Presentation Time: 11:00 AM


SESSA, Jocelyn A., Division of Paleontology, American Museum of Natural History, Central Park West at 79th St, New York, NY 10024, IVANY, Linda C., Department of Earth Sciences, Syracuse University, 204 Heroy Geology Laboratory, Syracuse, NY 13244, HANDLEY, John C., Paleontological Research Institution, 1259 Trumansburg Road, Ithaca, NY 14850, ALLMON, Warren D., Paleontological Research Institution, 1259 Trumansburg Road, Ithaca, NY 14850-1398 and LOCKWOOD, Rowan, Department of Geology, The College of William and Mary, P.O. Box 8795, Williamsburg, VA 23187,

The interval surrounding the Paleocene-Eocene (P-E) boundary was a time of major global environmental change and, in many habitats, significant evolutionary turnover. A long term temperature rise was interrupted by several geologically brief global warming events, the best known of which is the Paleocene Eocene Thermal Maximum (PETM, ~55.5Ma). At this time, warming of 5-8°C resulted in massive extinction of benthic foraminifera, increased turnover and morphologic change in planktonic taxa, and wholesale reorganization of terrestrial ecosystems. Relatively little is known, however, about the response of shallow marine macrofaunas to either the long term temperature rise or to the PETM. We have attempted the first comprehensive analysis of one of the world's best-preserved fossil sequences for this interval: the mollusc fauna of the U.S. Gulf Coastal Plain (GCP).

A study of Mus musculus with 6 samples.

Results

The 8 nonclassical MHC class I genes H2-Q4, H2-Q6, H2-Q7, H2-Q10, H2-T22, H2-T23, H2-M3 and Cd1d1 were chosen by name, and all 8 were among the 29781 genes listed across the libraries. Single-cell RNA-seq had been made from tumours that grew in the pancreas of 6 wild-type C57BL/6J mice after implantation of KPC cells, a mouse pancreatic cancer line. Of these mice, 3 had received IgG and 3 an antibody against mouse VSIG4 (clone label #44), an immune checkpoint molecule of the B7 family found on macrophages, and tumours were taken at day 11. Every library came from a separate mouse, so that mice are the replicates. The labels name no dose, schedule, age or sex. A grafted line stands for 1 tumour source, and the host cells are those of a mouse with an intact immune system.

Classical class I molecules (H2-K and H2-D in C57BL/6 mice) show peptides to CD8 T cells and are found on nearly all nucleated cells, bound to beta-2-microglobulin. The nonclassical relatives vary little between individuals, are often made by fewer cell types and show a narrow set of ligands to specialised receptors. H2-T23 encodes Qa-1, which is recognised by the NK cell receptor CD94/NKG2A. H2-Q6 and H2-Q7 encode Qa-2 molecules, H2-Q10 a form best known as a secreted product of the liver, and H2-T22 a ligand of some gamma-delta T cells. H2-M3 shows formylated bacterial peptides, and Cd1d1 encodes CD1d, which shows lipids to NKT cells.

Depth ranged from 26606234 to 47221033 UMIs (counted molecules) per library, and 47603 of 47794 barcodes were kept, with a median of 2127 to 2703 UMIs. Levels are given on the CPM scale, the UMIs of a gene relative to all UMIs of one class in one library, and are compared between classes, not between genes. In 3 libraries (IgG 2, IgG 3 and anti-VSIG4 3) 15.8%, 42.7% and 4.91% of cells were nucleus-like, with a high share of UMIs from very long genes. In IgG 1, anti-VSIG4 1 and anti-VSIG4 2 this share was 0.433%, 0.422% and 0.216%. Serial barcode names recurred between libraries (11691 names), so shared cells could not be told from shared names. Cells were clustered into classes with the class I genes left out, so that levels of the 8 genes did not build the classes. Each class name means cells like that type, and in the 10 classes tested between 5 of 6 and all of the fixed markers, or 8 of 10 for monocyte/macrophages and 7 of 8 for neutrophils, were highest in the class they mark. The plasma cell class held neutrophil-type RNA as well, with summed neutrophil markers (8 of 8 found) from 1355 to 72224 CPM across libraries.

Perhaps surprisingly, the PETM appears to have caused few notable effects on the richness, ecology, and morphology of GCP faunas. At the species level, both synoptic taxonomic lists and sample-standardized abundance data show a significant but only slight decrease in richness that began in the late Paleocene and continued into the earliest Eocene. Origination rate also dropped below extinction rate across the P-E boundary, the only time in the early Paleogene to do so after the end-Cretaceous mass extinction. The ecological composition of faunas, however, showed no significant variation across the P-E boundary. Although the body size of some important gastropod clades declined across the boundary, this does not appear to be a general pattern, as an analysis of an abundant and diverse bivalve clade failed to find significant size differences.

Why might these subtropical shelf faunas be less sensitive to PETM environmental change? The early Paleogene was a time of global warmth. GCP mollusks were apparently able to adapt to rising background temperatures such that a spike to even more extreme conditions during the PETM had little effect. These results highlight the role of historical context in determining the severity of response to perturbation. As such, we hypothesize that PETM-like events during cooler periods in Earth’s history would be far more severe for shallow marine faunas, especially those in higher latitudes.